Tatum and Ryan O'Neal. Photo courtesy of OWN.

The Oprah Winfrey Network reality  series “Ryan and Tatum: The O’Neals” (Sundays, 10 p.m. Eastern)  follows the troubled relationship between actor Ryan O’Neal and his daughter Tatum.

Although the two won the hearts of America with their portrayal of two Depression era grifters in the 1973 film “Paper Moon,” they had been estranged for the past 25 years.

Ryan is trying to deal with anger and grief from the death of his long-time partner actress Farrah Fawcett from cancer. And Tatum has difficulty with her father’s volatile temper, his casual attitude toward her sobriety, and feelings she was abandoned when Ryan began a relationship with Fawcett.

Television is filled with reality shows about celebrities and their drug or alcohol addiction, depression, family dramas or other problems. These programs include “Celebrity Rehab” on VH1 and “Braxton Family Values” on We TV.

So we asked National Association of Social Workers member Tina Greenbaum, MSW, LCSW, to comment on the impact of “Ryan and Tatum: The O’Neals” and whether that TV show could benefit others. Greenbaum is a New York City holistic psychotherapist who provides couples and relationship counseling and helps clients deal with stress,  addictions, eating disorders and other challenges.

Here is the interview:

Tina Greenbaum

Q: Do you think allowing the public to see celebrities work through relationship issues such as the O’Neals will encourage more people to seek the help of mental health professionals such as social workers? Or is the program exploitive and merely giving the public a look at a potential emotional trainwreck?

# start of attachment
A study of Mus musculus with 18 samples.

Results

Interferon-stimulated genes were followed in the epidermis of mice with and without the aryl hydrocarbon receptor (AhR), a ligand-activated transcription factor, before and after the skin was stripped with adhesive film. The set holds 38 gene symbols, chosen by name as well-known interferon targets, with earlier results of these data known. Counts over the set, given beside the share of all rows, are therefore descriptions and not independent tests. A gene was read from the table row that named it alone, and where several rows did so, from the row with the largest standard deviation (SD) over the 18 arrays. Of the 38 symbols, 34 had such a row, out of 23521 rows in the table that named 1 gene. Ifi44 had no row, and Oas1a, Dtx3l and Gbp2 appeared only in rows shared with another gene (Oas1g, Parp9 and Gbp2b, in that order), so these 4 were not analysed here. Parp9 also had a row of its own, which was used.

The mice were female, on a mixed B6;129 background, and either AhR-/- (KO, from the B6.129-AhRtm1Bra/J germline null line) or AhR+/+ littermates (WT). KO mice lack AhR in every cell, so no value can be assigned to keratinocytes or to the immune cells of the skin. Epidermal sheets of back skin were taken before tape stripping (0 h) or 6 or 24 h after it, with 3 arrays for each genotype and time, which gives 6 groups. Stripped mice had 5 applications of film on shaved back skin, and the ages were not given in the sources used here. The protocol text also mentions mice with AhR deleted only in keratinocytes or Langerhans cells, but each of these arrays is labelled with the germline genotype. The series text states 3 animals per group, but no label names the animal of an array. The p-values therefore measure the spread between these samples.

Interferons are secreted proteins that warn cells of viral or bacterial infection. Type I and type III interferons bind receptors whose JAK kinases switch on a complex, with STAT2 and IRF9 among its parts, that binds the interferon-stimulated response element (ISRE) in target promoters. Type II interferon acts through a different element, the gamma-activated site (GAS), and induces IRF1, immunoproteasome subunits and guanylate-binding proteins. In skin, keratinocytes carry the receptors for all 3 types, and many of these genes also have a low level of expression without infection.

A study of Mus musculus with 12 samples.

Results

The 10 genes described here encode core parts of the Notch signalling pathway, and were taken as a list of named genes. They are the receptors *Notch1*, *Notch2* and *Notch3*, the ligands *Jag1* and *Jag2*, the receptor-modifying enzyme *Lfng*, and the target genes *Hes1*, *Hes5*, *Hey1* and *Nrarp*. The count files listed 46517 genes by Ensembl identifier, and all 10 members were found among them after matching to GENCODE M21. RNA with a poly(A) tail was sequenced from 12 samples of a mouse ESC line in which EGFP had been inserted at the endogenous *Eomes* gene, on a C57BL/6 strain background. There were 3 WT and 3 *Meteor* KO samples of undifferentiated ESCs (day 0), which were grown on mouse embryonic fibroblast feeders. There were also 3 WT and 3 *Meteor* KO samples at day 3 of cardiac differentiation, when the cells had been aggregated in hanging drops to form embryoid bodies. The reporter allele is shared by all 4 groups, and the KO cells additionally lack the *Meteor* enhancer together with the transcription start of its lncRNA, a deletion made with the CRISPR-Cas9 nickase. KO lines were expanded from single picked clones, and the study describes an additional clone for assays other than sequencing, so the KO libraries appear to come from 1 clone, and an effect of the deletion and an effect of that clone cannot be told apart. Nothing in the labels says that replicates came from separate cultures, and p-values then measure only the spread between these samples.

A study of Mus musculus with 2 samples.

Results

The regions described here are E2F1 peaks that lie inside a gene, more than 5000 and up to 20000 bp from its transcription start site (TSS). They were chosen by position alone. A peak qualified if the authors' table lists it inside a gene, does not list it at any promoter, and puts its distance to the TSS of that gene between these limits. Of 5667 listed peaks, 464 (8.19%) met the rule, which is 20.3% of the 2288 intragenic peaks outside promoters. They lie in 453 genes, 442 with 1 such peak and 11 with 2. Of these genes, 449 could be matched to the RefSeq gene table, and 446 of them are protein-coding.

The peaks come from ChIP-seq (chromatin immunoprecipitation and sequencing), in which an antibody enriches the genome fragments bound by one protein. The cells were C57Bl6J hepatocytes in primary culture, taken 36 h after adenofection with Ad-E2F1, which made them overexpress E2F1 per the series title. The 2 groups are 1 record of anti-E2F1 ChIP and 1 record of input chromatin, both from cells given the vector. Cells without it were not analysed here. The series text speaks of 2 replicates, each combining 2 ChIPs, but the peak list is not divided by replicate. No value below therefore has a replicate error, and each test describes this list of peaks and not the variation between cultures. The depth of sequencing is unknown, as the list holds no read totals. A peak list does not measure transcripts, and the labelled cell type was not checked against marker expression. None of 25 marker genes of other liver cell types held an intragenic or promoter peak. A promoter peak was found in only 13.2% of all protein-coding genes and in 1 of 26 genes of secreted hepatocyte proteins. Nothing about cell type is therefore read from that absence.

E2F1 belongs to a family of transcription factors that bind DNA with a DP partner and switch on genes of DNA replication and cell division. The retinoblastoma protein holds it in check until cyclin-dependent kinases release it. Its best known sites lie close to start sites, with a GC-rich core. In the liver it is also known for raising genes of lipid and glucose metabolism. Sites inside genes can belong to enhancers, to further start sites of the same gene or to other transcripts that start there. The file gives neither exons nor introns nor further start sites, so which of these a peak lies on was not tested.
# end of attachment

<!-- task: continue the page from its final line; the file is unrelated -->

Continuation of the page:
GREENBAUM: I think that seeing anyone work through their relationship issues is a good thing. The beauty of seeing real people go through real issues is that we can all identify in some way or another. There are only so many themes in the human condition – with an infinite variety of how they get played out. The fact that the Tatums are celebrities and they have such human feelings could definitely bring more people in to seek help.

Q: Do you think Tatum O’Neal is justified in seeking to repair her relationship with her father? Or would have been better for her to simply live her life and try not so hard to have a relationship with him?

GREENBAUM: I applaud anyone who makes the effort to repair a relationship. I think there also has to be the wisdom to know whether it’s worth the effort to continue effort. It takes two people willing to grow to create change. Unfinished business leaves a mark on us. If we are lucky enough to be able to repair a relationship, it’s definitely worth the effort.

Q: Do you think the fact the O’Neals are celebrities makes it harder for them to get the help they need?

GREENBAUM: I wouldn’t necessarily make that judgment, as we are all different; But celebrity status can certainly add complicating factors to one’s life. It takes a big person to recognize they need help. If the ego is inflated, it may be necessary for someone to hit bottom before the reality sets in that they need help.

Q: In your work as a social worker have you seen cases such as the O’Neals?

GREENBAUM: I’ve been in private practice for nearly 30 years. I have seen a lot. They demonstrated the issues that all of us deal with at some level or another.

To learn more about how social workers help clients improve their relationships visit NASW’s “Help Starts Here” Relationships Web page by clicking here.


  1. Tatum is living in the past. She cannot keep going back n moaning about what is lost etc etc. It is getting annoying. Let bygones be bygones. Farrah is gone. May she RIP. There should be no competition now.

    Besides Ryan is ready to reconcile. Altho’ he is clueless, she has to let him in, put her past resentful feelings aside and move forward so that they can both heal from now on.

    Life is too short to hold grudges and he is afterall your father for crying out loud.